A brief note about my life, my blog and my column: If you’ve read my tiny bio at the end of my recipes, you’ll know that I’m also a graphic designer. I work at an ad agency — and sometimes I work A LOT. I also have a food blog, Bacon and Legs, where I post a weekly recipe about food that is tasty and typically not themed to something nerdy (though sometimes it happens over there too, I just can’t help myself). And obviously, I am lucky enough to be able to write a column here at Hobo Trashcan.
Due to my other obligations, I’ve been restricted to writing a column biweekly. But I love you guys. And I want to interact with you more than that (“WE WANT MORE. WE WANT MORE. Like, you really like it, you want more.”) So that’s what I’m going to attempt here. You’ll still get your biweekly, pun-filled, nerd-themed recipes, but I also want to share with you when food and pop culture interact, outside of my kitchen. I hope you guys like the new shit.
So here I am, trying to blend two of my biggest loves — food and pop culture — and one thing instantly comes to mind: Andy Fucking Warhol. You guys know this guy, right? As far as I know, there are few people who don’t. You probably recognize him for his Campbell’s Soup Cans, his Marilyn and his Jackie Kennedy. But those are just pieces of a much bigger, more complex picture of his life.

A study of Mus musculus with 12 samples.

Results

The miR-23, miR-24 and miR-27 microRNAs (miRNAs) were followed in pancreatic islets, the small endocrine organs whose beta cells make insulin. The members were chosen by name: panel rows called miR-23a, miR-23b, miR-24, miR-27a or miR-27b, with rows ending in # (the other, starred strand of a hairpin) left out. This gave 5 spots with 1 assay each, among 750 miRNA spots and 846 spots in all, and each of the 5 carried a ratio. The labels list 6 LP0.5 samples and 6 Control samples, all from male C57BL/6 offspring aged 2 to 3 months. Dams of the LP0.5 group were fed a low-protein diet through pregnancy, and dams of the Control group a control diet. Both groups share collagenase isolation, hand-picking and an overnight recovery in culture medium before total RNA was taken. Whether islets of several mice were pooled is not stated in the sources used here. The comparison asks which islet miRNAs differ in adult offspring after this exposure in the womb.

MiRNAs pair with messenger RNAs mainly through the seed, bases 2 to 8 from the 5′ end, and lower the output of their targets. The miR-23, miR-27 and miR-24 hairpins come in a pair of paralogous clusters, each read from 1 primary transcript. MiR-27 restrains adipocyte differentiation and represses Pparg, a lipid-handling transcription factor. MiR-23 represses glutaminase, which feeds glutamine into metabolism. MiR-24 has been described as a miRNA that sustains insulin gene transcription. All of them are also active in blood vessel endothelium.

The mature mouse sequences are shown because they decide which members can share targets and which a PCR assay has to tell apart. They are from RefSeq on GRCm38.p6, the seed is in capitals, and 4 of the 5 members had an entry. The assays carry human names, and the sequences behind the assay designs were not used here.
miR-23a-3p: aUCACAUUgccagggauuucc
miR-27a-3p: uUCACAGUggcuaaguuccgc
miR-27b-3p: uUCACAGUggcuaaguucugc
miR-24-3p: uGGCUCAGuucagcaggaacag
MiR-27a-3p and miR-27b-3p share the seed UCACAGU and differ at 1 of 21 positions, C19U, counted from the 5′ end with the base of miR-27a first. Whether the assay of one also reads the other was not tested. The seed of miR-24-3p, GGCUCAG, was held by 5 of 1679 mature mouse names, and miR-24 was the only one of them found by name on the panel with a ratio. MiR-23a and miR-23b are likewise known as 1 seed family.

He was a painter, printmaker, photographer, filmmaker, writer … graphic fucking designer. But his contributions to art weren’t just his brilliant contemporary pieces. He revolutionized the production of art. He bridged the gap between art and consumerism. He got into our heads and our hearts with all of his eccentricities. I love him for all of these reasons. Reasons that extend past the art itself and into a deeper dynamic of theory and what he’s done for American art.
In ‘83, he worked with Perrier as subject matter. He created more than 40 pieces using the Perrier bottle and identity as inspiration for art. Using Andy’s work, Perrier has released a line of limited edition bottles to celebrate their 150th anniversary. Consumerism using art, using consumerism — sounds kind of Warhol to me.
Being a big Warhol fan, I was pretty pumped about this line. Four label designs across several types of bottles. Each one is so clearly Andy. I didn’t know if I was going to find them, but I did … and I bought all four. This is how being a hoarder starts. Purchasing things that I don’t want to keep but are too beautiful to throw away. I really want to know what Andy would say about that (he always had something to say). That actually brings me to an Andy quote that I hate and love, simultaneously, but is pretty damn appropriate.
“An artist is somebody who produces things that people don’t need to have.”
So go out and buy bottles of sparkling water that you wouldn’t have otherwise bought. That way, if only for a few moments, you can feel happy with a little bit of Andy in your hand.
Fontina Turner, a food blogger and graphic designer from Philadelphia, makes classy-as-fuck comfort food and consumes an unhealthy amount of cheeses and craft beers. She can be found in the kitchen, at the bar, on Twitter or trying to make H. Jon Benjamin love her. Contact her at firstname.lastname@example.org.